Source: Foundry/ Pixabay
The most familiar type of PTS—the one that gets the most press—is caused by an acute stressor, that is, a life-threatening event that exerts an extreme reaction in the central nervous system (CNS). Examples are military combat, rape, mugging, a gun held to your head, a serious car crash—anything life-threatening.
The other type of PTS is caused by less intense but longer-lasting stressors, often suffered by people who are sued, put on trial for crimes, investigated by the IRS, persecuted, discriminated against, or continually ridiculed at work or school. This kind of response does not evoke a significant fear of harm or annihilation.
Instead, it brings a terrible dread of shame, humiliation, and isolation or loss of status and resources, if not personal freedom. It keeps the CNS at a chronic level of heightened stress. Intimate betrayal typically invokes this kind of PTS response.
I like the following physiological model to explain the kind of PTS that follows intimate betrayal. Suppose four columns are holding up the ceiling of the room you’re in now. No one else is in the room. Suddenly the column near the door buckles, blocking your path of escape.
If it falls, the ceiling will collapse. The only way to save yourself is to prop up the column with your shoulder until help arrives. About 24 hours later, help comes to secure the column and prop up the ceiling, safely relieving you of the burden. When you try to walk away, you are unable to straighten up and walk normally.
The over-exerted nerve endings in your shoulder, side, and leg muscles have paralyzed the tissue around them, temporarily rendering key muscles nearly immobile. The condition would gradually ease. Within about three days, you could finally stand up straight and enjoy full mobility.
But for another three days or so you would experience occasional muscle spasms in your shoulder, side, and legs, where most of the stress was concentrated. These are rough estimates of recovery time that do not allow for variations in age, health, muscle tone, flexibility, and so on, but you get the idea. There is a prolonged recovery process from prolonged stress.
A similar condition occurs with emotional stressors that go on for a long time, such as walking on eggshells in your home, living with continual criticism or contempt, or suspicions of deceit, infidelity, or embezzlement by an intimate partner. Once the stressor has finally passed—the betrayal is exposed, and the initial free-fall condition has abated—the CNS does not return to normal for quite some time.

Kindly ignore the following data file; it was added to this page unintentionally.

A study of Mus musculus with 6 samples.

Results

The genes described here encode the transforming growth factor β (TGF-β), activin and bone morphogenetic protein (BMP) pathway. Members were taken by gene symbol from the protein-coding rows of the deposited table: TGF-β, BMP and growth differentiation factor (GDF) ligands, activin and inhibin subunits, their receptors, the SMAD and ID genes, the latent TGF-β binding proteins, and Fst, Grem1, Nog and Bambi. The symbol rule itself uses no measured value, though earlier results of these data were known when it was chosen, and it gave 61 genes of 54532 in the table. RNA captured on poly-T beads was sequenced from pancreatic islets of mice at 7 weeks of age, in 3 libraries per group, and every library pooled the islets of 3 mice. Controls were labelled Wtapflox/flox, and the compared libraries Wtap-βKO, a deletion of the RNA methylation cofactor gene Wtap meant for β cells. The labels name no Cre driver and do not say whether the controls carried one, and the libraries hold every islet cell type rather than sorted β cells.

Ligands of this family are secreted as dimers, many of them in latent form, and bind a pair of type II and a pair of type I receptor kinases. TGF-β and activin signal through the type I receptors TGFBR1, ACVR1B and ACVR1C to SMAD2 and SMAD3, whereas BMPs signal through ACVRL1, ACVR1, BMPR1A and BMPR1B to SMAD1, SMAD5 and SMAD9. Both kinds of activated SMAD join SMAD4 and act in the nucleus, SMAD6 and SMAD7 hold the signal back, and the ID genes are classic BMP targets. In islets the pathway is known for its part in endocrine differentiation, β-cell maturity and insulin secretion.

Instead of localized spasms of nerves and muscles trying to return to normal functioning, the entire CNS must recalibrate to find a normal range of arousal, without the chronic stressor “pressing” against it.
The mental equivalent of muscle spasms during the CNS recalibration process feels like waves of negative emotion, which seem to come out of nowhere, with little or no warning. Often with no discernible trigger, waves of emotion seize control of your body, making it tense, rigid, and agitated. They dominate your consciousness and make it seem like you’re incapable of thinking about anything other than how terrible you feel or how awful your partner is for making you feel so bad.
They typically start with a flash point—an abrupt awareness that you’re about to experience something horrid. A physical marker sometimes occurs with the flash point, something like a pit in your stomach, a sharp pain, muscular weakness, or blurred vision.
Here are the most common symptoms that come in waves during the recovery process:
You Are Not Your Symptoms
It’s important to know that PTS symptoms are not part of your personality. They are merely a delayed, mostly physiological response to past stressors. They are a perfectly natural stage of recovery from a prolonged period of stress.
The most damaging aspects of PTS symptoms are secondary symptoms or symptoms about symptoms. Secondary symptoms emerge from the meaning we give to primary symptoms, which have no more inherent meaning than gas or any other physiological response.
If you think the abrupt waves of emotion mean that you’re crazy, or that you will never be well or happy, or that you’re defective or dying, then the effects are horrible, as you’re flooded with adrenaline and cortisol from the secondary symptoms on top of the primary ones.
To heal and grow, control the meaning of your emotional experience—what it means to you and about you. That is the secret of managing the intrusive symptoms of PTS that so often follow intimate betrayal.
How to Manage the Symptoms
Handle the waves of PTS feelings with gentleness and care. There is good news in them. Their very existence means that the stressor has been removed. No one has nightmares about bombs dropping during the war.
While stressors are active, the CNS goes into survival mode with no mental resources allotted to “getting back to normal.” Only after the stressor is over does the CNS begin to recalibrate to normal.
The best way to cope with the waves of negative emotion is to sit back and let them wash over you. “Oh, here’s one of those temporary waves. It doesn’t mean anything, and it will soon pass. I’m OK now, and I’ll be better in a few minutes.”
The symptoms are a lot like waves at the beach. If you try to stand up to crashing ocean waves, they can grind you into the sand. But if you dive under them, you’re aware of only a force whooshing quickly over you.
Allow the emotions to wash over you like the sensation of swimming under waves at the beach. Then they will last no more than a few minutes, with minimal discomfort. Managed in this way, they will most likely diminish in frequency and intensity, until they stop altogether.